Tuesday, July 24, 2007

Setting the Vision

Here's a clip from LEI's newsletter this week (courtesy of Sean Levy):

Respondents to our 2007 opinion survey said “middle management resistance” was the top obstacle to lean transformations. It replaced “backsliding to the old ways of working,” which was named as the number one obstacle in last year’s poll. In the latest survey, which was based on 2,444 responses, backsliding slid back to the number six spot.
What does it mean? A couple of you have speculated in the LEI Forums that the latest results actually reflect badly not on middle management but on senior management, who probably are not changing the metrics or setting the vision to gain support for the transformation among managers.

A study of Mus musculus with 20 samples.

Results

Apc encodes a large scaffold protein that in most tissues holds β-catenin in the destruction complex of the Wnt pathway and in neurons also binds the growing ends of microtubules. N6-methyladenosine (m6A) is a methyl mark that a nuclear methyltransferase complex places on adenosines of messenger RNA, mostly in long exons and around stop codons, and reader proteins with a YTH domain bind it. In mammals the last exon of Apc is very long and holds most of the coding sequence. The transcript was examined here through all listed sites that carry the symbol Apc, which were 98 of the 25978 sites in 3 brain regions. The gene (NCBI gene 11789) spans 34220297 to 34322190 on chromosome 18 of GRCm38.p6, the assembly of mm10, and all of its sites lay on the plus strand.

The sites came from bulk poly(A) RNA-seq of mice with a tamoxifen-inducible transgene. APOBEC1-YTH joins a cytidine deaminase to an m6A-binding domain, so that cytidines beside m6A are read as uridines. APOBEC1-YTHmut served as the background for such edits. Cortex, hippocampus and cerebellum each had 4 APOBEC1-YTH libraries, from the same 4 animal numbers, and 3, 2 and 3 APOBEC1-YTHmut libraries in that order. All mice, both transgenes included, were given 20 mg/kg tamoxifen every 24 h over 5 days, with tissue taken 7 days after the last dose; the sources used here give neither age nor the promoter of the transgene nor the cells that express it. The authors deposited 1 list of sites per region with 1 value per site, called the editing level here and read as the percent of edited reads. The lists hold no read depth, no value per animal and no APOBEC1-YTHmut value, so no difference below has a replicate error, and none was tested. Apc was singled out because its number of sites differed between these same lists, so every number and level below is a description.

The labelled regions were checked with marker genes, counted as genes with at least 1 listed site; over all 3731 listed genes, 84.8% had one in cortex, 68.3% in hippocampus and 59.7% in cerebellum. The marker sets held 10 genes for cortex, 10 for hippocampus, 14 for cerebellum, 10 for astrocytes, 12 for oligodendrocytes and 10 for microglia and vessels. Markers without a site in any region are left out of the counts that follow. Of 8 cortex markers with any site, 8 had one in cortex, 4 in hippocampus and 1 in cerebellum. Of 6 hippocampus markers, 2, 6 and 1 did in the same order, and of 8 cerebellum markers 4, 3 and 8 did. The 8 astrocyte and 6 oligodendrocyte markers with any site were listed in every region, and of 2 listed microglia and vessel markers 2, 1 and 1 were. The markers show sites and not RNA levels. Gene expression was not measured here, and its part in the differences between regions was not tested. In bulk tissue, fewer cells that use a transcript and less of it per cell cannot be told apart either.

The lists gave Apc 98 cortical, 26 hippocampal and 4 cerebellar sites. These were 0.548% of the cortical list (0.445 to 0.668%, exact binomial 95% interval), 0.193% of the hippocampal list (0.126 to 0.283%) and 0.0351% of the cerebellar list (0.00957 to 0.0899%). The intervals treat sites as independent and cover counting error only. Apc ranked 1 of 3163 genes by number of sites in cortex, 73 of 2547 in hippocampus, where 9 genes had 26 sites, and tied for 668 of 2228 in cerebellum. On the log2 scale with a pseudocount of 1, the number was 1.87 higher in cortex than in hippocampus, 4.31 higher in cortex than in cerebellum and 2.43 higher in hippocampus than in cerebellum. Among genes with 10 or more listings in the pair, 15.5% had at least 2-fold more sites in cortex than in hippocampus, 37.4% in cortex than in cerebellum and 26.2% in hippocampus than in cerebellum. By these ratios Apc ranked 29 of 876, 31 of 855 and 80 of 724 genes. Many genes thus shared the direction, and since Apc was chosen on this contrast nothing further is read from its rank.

In my recent travels, I've found this to be true. Setting the vision is the most important thing that an upper-level leader can do to ensure success with Lean.


Ianbrown said...

I feel very fortunate to have a unilateral support group for Lean Conversion. The biggest obstacle we're facing is the sheer physical task of making changes to the departments . We have a Gordian Knot of several departments that are situated out of Flow. Correcting one problem creates another. Most Everyone is aware that change is needed and they are more than willing to work at it but a solution that works for all is so far ellusive.

Mike L said...

If you find that one problem just reveals another, then pat yourself on the back. You're getting Lean! That's what it's all about - problem-solving.

trakes said...

I agree totally with your assessment of problem solving in Lean. The key is that I / we have to have the discipline every day to not be afriad of change but embrace it. If not we will revert back to where we feel our comfort zone is.